Today’s word of the day was my favourite vegetable as a child: the humble carrot or carota (feminine, plural: carote) in Italian.
Once you’ve washed (hai lavato) and peeled (pelato) your carrots, there are numerous ways to prepare them. I always preferred eating raw carrot sticks (bastoncini di carote crude) as a child but these days, my husband and I tend to chop them up into pieces (tagliarle* a pezzetti) and either boil them (bollirle*) in a pot or roast them (arrostirle*) in the oven. If we decide to eat them raw, we usually grate them (le grattuggiamo) into a bowl and season them with salt, pepper, lemon and olive oil to make a delicious side dish.
*Note: Pronouns can join onto the end of infinitive verbs in Italian. For example, you can say Preferisco tagliare le carote a pezzetti (I prefer to cut the carrots into pieces) or, if the topic of conversation is already clear, Preferisco tagliarle a pezzetti (I prefer to cut them into pieces).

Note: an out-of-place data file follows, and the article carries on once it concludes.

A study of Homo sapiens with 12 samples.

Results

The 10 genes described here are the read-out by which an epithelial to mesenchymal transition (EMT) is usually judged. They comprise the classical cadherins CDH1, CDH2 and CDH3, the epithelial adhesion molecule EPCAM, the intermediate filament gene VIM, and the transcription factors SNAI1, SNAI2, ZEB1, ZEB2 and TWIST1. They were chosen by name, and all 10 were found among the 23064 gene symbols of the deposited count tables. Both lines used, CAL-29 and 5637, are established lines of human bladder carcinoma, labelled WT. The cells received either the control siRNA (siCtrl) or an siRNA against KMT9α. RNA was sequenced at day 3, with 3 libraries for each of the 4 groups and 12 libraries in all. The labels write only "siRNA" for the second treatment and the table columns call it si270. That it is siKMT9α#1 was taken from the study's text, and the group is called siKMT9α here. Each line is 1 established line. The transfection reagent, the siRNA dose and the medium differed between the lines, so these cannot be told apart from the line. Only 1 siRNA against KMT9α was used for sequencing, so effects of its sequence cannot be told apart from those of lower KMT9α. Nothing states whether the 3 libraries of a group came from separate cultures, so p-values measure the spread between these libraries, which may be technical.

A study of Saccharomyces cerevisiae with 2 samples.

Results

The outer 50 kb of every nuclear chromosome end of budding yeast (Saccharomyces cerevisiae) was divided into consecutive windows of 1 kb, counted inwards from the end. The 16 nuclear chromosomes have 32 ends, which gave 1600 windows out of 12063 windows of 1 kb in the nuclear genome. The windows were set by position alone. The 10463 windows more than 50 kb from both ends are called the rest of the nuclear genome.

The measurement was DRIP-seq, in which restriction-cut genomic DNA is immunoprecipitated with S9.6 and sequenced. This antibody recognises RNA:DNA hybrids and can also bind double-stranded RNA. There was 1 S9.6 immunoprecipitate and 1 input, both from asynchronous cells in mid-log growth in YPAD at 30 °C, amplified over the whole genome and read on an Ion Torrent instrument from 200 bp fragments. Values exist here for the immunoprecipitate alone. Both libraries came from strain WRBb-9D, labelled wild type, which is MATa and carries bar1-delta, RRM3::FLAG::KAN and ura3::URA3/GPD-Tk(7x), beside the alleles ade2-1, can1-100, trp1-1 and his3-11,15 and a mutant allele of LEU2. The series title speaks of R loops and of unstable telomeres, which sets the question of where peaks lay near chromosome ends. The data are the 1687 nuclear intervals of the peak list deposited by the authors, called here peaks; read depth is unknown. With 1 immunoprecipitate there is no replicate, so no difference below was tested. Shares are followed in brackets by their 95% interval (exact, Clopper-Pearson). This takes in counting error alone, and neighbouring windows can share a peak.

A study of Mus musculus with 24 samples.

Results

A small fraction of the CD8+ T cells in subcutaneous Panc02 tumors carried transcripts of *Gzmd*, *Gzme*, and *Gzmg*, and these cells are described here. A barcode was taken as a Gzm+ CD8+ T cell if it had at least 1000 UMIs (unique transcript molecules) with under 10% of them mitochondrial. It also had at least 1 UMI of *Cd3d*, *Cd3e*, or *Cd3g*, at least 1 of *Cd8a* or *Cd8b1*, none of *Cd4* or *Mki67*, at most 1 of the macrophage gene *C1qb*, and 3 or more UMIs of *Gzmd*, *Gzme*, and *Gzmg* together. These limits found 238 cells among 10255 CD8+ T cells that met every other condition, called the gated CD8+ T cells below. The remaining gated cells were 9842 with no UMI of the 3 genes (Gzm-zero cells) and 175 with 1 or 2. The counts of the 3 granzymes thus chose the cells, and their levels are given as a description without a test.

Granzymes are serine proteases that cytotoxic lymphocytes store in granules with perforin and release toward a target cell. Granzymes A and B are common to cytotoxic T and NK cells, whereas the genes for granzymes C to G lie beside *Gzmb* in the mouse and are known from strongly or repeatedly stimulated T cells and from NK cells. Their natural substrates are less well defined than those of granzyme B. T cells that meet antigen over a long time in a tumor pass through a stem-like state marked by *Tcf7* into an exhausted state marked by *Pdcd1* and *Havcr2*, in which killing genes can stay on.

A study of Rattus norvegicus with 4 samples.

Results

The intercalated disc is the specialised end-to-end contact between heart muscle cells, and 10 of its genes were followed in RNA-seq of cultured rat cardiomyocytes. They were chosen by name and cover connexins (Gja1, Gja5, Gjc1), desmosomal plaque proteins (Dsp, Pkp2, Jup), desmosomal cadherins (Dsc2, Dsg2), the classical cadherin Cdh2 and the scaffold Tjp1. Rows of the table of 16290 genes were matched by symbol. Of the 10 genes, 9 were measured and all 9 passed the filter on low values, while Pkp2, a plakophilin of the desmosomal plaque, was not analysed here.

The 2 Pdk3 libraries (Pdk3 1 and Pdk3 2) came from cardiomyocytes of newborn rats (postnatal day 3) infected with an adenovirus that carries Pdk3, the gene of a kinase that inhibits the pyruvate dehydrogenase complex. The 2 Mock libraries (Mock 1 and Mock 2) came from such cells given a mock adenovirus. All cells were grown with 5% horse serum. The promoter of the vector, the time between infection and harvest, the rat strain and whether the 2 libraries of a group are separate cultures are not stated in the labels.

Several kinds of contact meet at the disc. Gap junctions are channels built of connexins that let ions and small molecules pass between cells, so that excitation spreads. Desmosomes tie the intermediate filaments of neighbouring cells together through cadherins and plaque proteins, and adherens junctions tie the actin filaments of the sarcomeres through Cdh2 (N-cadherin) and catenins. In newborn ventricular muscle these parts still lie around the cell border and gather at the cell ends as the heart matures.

Da bambino mangiavo le carote molto volentieri.
As a child I was always very happy to eat carrots.
Two foods that contain carrots are succo di carota (carrot juice) and torta di carote (carrot cake), although I would say that neither is particularly popular in Italy.
In our family, we have quite a few carrot tops (pel di carota) including my grandmother and aunt. Redheads may also be referred to as having capelli (color) carota (carrot coloured hair) in Italian, although capelli rossi (red hair) is the more common expression.
The expression vendere / piantare carote (to sell / plant carrots) is another way of saying dire le bugie (to tell lies).
In both English and Italian, the idiomatic phrase “carrot and stick” (il bastone e la carota) is a metaphor for the combination of a reward (the carrot) and punishment (the stick) to induce a desired behaviour.